Don’t count your chickens before they hatch
IFAD Asset Request Portlet
Don’t count your chickens before they hatch©Fatoumata Diabate'
The second Friday in October is World Egg Day. A day to recognise the vital role of eggs in feeding people around the world.
Many people in developing countries keep a small number of poultry for home consumption, either for meat or eggs, and as a source of income from the sale of these products. There is minimal investment needed to keep poultry, with most of the inputs generated in the farm and labour provided by family members. Even though production may be quite small, a big advantage of family poultry egg production is a frequent provision of nutrients of high biological value.
The scale and type of poultry rearing varies greatly from scavenging to small-scale intensive. IFAD-supported projects also look at the conditions and requirements of these systems, such as the type of genetic resources used, feeding practices, disease prevention and control, flock management and how these factors interact.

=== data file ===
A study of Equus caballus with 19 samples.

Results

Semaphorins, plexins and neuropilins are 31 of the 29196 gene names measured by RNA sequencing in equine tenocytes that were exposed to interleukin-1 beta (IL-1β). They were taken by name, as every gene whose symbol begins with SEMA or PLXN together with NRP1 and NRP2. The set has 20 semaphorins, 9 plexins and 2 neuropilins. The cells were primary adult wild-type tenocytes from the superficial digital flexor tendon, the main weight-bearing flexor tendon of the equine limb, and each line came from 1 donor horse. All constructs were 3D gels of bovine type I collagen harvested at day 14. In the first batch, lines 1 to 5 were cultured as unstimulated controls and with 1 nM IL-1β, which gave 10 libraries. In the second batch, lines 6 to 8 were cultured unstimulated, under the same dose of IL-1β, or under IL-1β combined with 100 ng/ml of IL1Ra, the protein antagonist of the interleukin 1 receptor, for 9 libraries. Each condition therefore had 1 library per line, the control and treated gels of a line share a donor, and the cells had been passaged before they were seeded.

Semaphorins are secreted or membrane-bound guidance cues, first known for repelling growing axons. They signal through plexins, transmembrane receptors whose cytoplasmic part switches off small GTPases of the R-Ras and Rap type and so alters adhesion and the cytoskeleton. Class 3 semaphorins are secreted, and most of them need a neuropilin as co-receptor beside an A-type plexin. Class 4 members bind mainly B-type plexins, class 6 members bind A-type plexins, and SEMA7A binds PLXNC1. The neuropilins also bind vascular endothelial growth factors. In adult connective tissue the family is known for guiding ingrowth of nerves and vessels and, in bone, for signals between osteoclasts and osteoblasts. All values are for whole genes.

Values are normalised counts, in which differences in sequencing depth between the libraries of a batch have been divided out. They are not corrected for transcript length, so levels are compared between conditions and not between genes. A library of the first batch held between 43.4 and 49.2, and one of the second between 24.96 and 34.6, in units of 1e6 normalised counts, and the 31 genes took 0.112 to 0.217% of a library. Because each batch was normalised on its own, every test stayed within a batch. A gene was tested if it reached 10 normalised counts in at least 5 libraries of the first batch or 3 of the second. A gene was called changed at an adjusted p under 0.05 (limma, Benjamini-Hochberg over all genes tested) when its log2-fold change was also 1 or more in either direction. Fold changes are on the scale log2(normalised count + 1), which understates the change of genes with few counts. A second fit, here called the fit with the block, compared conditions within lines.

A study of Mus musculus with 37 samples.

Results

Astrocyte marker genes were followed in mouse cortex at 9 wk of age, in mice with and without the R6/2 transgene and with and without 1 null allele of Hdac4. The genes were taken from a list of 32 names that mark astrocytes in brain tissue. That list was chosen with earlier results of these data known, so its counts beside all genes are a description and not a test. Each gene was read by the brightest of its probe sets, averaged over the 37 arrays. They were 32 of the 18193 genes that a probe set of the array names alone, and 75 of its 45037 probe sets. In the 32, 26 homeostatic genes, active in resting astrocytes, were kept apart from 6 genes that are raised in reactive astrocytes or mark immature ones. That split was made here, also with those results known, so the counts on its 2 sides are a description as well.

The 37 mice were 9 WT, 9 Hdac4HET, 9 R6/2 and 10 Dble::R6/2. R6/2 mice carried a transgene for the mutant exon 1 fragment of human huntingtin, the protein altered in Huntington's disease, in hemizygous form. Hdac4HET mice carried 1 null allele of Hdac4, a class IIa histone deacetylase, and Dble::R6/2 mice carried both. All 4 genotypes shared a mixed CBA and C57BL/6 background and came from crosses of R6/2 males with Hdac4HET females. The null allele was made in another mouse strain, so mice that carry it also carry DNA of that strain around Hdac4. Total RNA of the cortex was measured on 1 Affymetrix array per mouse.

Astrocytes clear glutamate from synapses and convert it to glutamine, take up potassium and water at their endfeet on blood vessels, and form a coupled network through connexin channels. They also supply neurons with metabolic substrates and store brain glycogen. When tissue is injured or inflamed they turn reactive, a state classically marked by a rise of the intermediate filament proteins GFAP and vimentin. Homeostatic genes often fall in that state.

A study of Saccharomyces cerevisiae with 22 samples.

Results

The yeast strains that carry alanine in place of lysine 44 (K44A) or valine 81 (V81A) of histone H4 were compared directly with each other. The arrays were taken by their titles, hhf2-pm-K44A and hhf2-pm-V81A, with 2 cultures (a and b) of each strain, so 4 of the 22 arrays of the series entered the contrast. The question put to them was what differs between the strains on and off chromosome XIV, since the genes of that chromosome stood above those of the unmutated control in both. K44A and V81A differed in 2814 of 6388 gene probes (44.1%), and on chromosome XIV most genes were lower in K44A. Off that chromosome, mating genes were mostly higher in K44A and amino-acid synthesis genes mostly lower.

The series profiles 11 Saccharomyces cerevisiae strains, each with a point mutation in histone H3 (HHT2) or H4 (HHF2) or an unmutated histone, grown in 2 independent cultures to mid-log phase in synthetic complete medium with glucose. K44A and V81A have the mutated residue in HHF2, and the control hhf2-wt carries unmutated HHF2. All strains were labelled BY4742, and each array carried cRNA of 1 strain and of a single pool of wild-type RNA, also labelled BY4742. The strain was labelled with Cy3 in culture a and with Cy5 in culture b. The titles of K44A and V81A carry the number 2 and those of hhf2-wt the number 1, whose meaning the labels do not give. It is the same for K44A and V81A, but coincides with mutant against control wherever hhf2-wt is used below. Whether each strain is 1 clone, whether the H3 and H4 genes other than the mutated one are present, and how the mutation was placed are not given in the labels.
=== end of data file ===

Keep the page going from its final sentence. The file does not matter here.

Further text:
A Vanaraja chicken in India is larger than native birds and produces more eggs. Eggs are an important part of the tribal diet and chicken meat is eaten mainly during religious festivals. The majority of tribal families keep between six and eight chickens.
Apart from providing eggs and meat, poultry also have other important roles. In Asia, village poultry manure is used as feed for fish as part of an integrated system where poultry are raised on top of ponds. Family poultry can be part of a crop production rotational system where they can help reduce pathogens and pests. Having access to a variety of insects, weed seeds, crops and even minerals also helps the nutritional value of the birds and eggs. In Bangladesh, Morjina keeps over 300 ducks on her rice paddies to eat pests, fertilise the paddy and provide eggs.
Najiemba raises poultry in Uganda. With a loan from an IFAD-supported project she started with 100 ‘layers’ and 100 ‘breeders’. She now has 600 chickens. She sells eggs and chickens to support her family and send her children to school.
Morium works on a chicken farm she runs with her husband in Bangladesh. They have over 900 chickens on their farm which produce almost 900 eggs per day.
Workers package eggs on a chicken farm in Samoa. They produce around 40,000 eggs a day and they sell 80 per cent of the eggs in Samoa and export the rest to New Zealand, which is six days away by boat.